April 23, 2012

Conversations with others and my own observations have taught me that everyone on Facebook belongs to one of two groups: the annoyed and the annoying. That is, everyone on Facebook recognizes these two groups, placing themselves in the former category. Complaining about the baby updates and Instagram salad pics that pollute Facebook news feeds is a surefire small talk hit, and for good reason, but in reality many of us unknowingly wear both hats—annoying and annoyed—during the time we spend logged in.

Removing obnoxious people from one’s news feed is a popular technique for making the Facebook experience less upsetting. As someone chronically trying to cut back on my Facebook time, however, I have come to value the people I don’t care about, and I never prune my news feed. Here’s why: Keeping my news feed clogged with the dregs of human expression ensures that I will never spend more than 5 seconds looking at it before closing the tab or clicking through to Words With Friends. If I systematically muted people with whom I don’t keep in touch, or who post updates like “I have the funniest friends,” I would gradually refine my feed into a more addictive compound, like grain alcohol or the crack variant of cocaine. I know in advance that I don’t want this to happen. I also know that it would happen, because Twitter works the same way, and my Twitter feed distracts me far more than Facebook ever will. That I welcome Twitter into my life while keeping Facebook at arm’s length is a topic for its own 1,200-word post.

Facebook is a tool that can make life easier, waste time, or do a little bit of both. Much of our frustration with Facebook, as with cars, stems from its necessity: We’d love to do without it, but we can’t. Too much of social life is intertwined with Facebook to make quitting it worthwhile for most people, including me. Instead, I maintain an account and use the features I believe will enhance my off-Facebook life: accepting friend requests, getting event invitations, and occasionally discovering something valuable about an acquaintance, like an unexpected mutual friend. I satisfy my need for self-expression on Twitter, which is nothing to brag about but which I prefer. I still waste time stalking people I don’t know and reading my news feed, but I’d like to do less of both.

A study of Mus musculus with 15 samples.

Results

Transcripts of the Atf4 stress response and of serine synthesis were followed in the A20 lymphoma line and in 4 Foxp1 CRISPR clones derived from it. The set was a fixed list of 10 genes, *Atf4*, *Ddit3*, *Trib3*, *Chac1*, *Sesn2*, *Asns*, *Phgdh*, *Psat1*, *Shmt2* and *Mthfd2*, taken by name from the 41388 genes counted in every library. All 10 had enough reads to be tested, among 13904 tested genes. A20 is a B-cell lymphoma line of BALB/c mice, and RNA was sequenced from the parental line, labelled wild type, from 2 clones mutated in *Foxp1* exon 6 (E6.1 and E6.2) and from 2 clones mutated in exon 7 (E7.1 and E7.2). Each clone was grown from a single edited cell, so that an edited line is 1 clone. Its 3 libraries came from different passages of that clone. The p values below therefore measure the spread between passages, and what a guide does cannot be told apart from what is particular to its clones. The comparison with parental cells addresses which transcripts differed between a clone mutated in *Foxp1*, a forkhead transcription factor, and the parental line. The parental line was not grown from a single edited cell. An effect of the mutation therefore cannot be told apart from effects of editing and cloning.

In a recent Atlantic feature, Stephen Marche argued that Facebook is making us lonelier. See also: Eric Klinenberg’s catty rebuttal in Slate. I think both articles are thought-provoking but incorrect. Facebook is better viewed as a medium for responding to loneliness, which would exist with or without Facebook, and also as a means of concealing that loneliness. The news feed is the theater where these dynamics become most visible. As everyone knows, Facebook is a place where people feel comfortable venting whatever pops into their heads—a “windowless room of people shouting”—and much of that would quickly fade from face-to-face conversation thanks to withering glares, awkward silences, and abrupt changes of subject. Facebook offers few comparable tools for negative feedback (no “dislike” feature) so the best way to shut someone up is to mute them from your feed, unbeknownst to the offender. Facebook presents itself as a symbolic representation of social life that bears an approximate if imperfect relationship to one’s actual social life, but here the two diverge: If you’re annoying in real life, you have many chances to take the hints and adjust your behavior, but if you’re annoying on Facebook, you simply disappear from your friends’ reality. You experience no loneliness because you don’t find out. You’ll probably continue posting photos of your dinner to a shrinking audience. Facebook isn’t making us lonely, it’s just inducing solipsism.